Since 1983, the FWC has actively investigated the occurrence of mercury in Florida's freshwater and marine environments.
The data collected by the FWC over the last 25 years contributed to the recent publication, “Basic Guidelines for Eating Freshwater Fish”. This section of the DOH Health Advisory Brochure gives general advice on the safest species to eat and applies to all state waters. Women of childbearing age and young children are encouraged to eat up to one meal a week of bluegill sunfish, redear sunfish, or brown bullhead catfish. The general population can eat up to two meals per week of these same species, with the addition of redbreast sunfish. Three of these sunfish species are the most popular panfish throughout the state and brown bullhead is one of the most commonly harvested catfish species. As an agency that promotes recreational fishing, the FWC is happy to report that these species are very safe for consumption no matter where they are caught.
Many sources of natural and manmade mercury exist in the environment. Natural sources include volcanoes, mercury deposits in rock and oceans through a process similar to evaporation called volatilization. Human-produced mercury comes from waste incineration, coal-fired power plants, mining and smelting, and industrial processes including chlorine-alkali processing, cement production and pulp and paper production. In the 1950s, scientists recognized that manmade mercury pollution was contaminating food sources. Early studies indicated that fish and wildlife gathered significant amounts of mercury from their environment and certain aquatic bacteria converted mercury into a more toxic form called methyl mercury. When the bacteria that produce methyl mercury are eaten by the next organism in the food chain, they pass on the mercury, and as it moves up the food chain it increases in concentration. This process is called bioaccumulation. Top level predators contain the highest concentration of mercury because they consume high numbers of contaminated prey.
Such is the case in Florida’s freshwater ecosystems, where the highest concentrations of mercury occur in top-level predatory fish like largemouth bass, bowfin, chain pickerel and gar. Because largemouth bass are a popular food fish among anglers in Florida and they can bioaccumulate high concentrations of mercury, they have been the major focus of monitoring for mercury contamination in fresh water lakes and rivers. Fish species with typically high levels of mercury in marine ecosystems are also upper-level predators (i.e. tuna, mackerel, shark, snook, etc.).
In 1983, the Florida Fish and Wildlife Conservation Commission (FWC), the Florida Department of Environmental Protection (DEP) and the Florida Department of Health (DOH) started actively investigating the occurrence of mercury in Florida's freshwater and marine environments. This multi-agency effort has focused on surveying important marine and freshwater bodies and fish species throughout the state.
- FWC biologists collect target species.
- DEP scientists analyze fish tissue for mercury.
- DOH officials conduct risk assessments and issue fish consumption advisories.
Advisories for mercury in Florida waters have been issued since 1989. Florida's freshwater and marine fish are generally considered safe to eat; however, it is a good idea to review the current fish consumption advisories for specific advice on fish species or individual bodies of water. The advisories are not intended to discourage anglers from eating fish but should be used to choose fish lower in mercury while limiting consumption of some species of fish from certain waters.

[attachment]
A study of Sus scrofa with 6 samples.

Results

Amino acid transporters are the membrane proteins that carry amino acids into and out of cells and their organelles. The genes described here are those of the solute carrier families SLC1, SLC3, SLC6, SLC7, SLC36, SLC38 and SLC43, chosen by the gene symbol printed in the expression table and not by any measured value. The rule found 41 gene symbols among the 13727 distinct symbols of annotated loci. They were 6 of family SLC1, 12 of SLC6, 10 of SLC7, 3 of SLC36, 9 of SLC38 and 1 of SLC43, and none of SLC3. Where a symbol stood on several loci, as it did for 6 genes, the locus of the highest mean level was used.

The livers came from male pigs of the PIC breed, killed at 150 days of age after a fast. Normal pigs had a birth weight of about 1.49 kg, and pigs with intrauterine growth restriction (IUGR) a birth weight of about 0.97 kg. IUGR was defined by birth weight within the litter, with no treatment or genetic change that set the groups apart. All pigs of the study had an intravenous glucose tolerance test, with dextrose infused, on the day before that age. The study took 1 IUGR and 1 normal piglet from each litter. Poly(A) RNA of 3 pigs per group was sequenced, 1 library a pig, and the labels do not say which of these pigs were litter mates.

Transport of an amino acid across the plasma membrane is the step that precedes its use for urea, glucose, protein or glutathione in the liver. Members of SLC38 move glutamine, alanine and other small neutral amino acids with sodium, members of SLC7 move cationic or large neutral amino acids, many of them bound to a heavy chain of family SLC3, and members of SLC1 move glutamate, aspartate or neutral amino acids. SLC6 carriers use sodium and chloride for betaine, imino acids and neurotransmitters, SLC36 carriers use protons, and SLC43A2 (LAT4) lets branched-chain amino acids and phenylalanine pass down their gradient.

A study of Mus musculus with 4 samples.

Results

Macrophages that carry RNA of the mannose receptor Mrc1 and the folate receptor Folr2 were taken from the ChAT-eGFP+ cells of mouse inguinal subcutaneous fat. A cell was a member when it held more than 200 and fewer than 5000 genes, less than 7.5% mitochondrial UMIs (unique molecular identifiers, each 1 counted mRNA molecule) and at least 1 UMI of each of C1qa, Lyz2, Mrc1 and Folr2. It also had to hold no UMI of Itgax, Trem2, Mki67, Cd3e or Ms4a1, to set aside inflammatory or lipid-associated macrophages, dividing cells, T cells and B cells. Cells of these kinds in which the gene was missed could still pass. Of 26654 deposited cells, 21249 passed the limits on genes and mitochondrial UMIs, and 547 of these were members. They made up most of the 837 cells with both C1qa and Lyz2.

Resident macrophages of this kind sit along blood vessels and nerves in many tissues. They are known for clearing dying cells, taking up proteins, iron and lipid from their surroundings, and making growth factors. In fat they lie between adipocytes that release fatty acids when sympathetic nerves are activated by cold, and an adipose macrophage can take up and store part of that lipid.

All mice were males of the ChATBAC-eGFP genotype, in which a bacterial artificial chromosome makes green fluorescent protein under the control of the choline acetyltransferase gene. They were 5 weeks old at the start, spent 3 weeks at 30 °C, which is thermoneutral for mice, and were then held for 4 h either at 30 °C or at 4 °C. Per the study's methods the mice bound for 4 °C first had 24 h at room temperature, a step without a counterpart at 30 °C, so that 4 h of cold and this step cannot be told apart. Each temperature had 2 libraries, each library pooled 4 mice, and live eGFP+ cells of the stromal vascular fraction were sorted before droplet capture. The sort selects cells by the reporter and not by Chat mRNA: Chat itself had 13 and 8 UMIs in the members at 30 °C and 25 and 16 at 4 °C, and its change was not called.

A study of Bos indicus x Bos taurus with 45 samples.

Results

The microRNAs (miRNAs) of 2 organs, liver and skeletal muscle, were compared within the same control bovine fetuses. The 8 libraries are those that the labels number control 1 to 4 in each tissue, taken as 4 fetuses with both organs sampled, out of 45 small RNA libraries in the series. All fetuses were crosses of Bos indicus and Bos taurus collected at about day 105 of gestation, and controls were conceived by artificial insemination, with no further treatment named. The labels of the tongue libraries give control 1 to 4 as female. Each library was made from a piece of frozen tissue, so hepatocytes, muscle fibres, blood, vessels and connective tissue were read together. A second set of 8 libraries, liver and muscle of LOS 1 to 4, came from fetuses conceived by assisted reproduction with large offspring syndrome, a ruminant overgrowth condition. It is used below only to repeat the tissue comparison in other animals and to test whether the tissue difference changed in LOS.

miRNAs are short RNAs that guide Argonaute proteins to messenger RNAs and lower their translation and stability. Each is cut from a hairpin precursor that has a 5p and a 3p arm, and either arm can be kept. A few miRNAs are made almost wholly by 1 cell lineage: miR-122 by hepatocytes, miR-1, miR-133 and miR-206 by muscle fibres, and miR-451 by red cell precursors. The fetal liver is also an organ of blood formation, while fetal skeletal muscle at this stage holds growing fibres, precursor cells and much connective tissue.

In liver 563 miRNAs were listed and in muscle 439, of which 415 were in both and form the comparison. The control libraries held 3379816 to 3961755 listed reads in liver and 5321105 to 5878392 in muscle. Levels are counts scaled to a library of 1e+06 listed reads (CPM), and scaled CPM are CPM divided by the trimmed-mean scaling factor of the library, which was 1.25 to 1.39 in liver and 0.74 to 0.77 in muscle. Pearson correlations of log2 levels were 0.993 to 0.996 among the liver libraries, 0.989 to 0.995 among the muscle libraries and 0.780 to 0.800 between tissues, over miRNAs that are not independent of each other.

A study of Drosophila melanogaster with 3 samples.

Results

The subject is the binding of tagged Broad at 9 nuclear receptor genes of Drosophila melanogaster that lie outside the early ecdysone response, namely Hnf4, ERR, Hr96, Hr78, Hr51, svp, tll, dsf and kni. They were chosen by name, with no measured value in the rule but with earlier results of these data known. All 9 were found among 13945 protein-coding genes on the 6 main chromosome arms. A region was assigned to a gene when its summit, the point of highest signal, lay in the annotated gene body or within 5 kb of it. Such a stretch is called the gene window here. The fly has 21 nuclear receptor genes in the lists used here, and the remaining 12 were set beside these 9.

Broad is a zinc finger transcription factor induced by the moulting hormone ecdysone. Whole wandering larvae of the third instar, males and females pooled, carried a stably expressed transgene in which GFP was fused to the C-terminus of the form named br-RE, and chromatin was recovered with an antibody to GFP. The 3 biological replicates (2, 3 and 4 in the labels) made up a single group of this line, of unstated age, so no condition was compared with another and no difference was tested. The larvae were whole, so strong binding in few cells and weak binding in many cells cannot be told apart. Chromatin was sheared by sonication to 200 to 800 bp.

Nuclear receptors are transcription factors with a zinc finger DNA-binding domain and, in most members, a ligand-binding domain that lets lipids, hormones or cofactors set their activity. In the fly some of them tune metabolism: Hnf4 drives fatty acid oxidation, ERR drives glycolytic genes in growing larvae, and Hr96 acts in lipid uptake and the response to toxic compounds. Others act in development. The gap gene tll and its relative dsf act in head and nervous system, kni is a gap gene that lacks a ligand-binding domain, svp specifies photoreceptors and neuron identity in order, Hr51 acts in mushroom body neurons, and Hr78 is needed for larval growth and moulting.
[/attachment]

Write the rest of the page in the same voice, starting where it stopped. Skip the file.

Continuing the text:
Data collection for these health advisories begins each year by compiling a list of 50 to 60 lakes and rivers. Other FWC personnel or the public may also suggest new water bodies to be added and the sampling list may change throughout the year, as some areas are unsuitable for sampling due to lack of fish or access. Researchers at FWC created a seven-year rotating re-sampling schedule for previously sampled lakes and rivers. The schedule is designed to keep the data and associated consumption levels as current as possible. Seven years is also a rough estimate of the average lifespan of most fish; so it is assumed that the sampling will target fish from the next generation.
Biologists attempt to collect at least eight harvestable individuals of each targeted fish species in each water body. Fish are collected by electrofishing then put on ice and transported to the laboratory. Then, researchers determine total length, weight and gender and a sample of muscle tissue is taken. The tissue samples are then labeled, frozen and shipped to the DEP Chemistry Laboratory in Tallahassee for analysis. Once mercury results are returned to FWC, this data can be submitted to the Department of Health for creating consumption guides. When creating a consumption guide, the average mercury level for a species in a single water body is taken into account. Depending on that average, this is an example of an individual consumption guide:
Black crappie from Lake Monroe: Recommends one meal per week for women of childbearing age and young children/Two meals per week for all others.
The most recent data was submitted in July of 2013 from lakes and rivers sampled between February 2012 and February 2013. Data from this period contained a total of 1,267 individual fish from 27 locations and a total of 19 species, including: blue tilapia, black crappie, bluegill, butterfly peacock bass, channel catfish, common snook, chain pickerel, gray snapper, largemouth bass, Mayan cichlid, Midas cichlid, redbreast sunfish, redear sunfish, spotted bullhead, spotted sunfish, spotted tilapia, warmouth sunfish, white catfish, and yellow bullhead.
For more information from the Department of Health and other organizations monitoring Florida’s water quality and contaminants, check out the links below.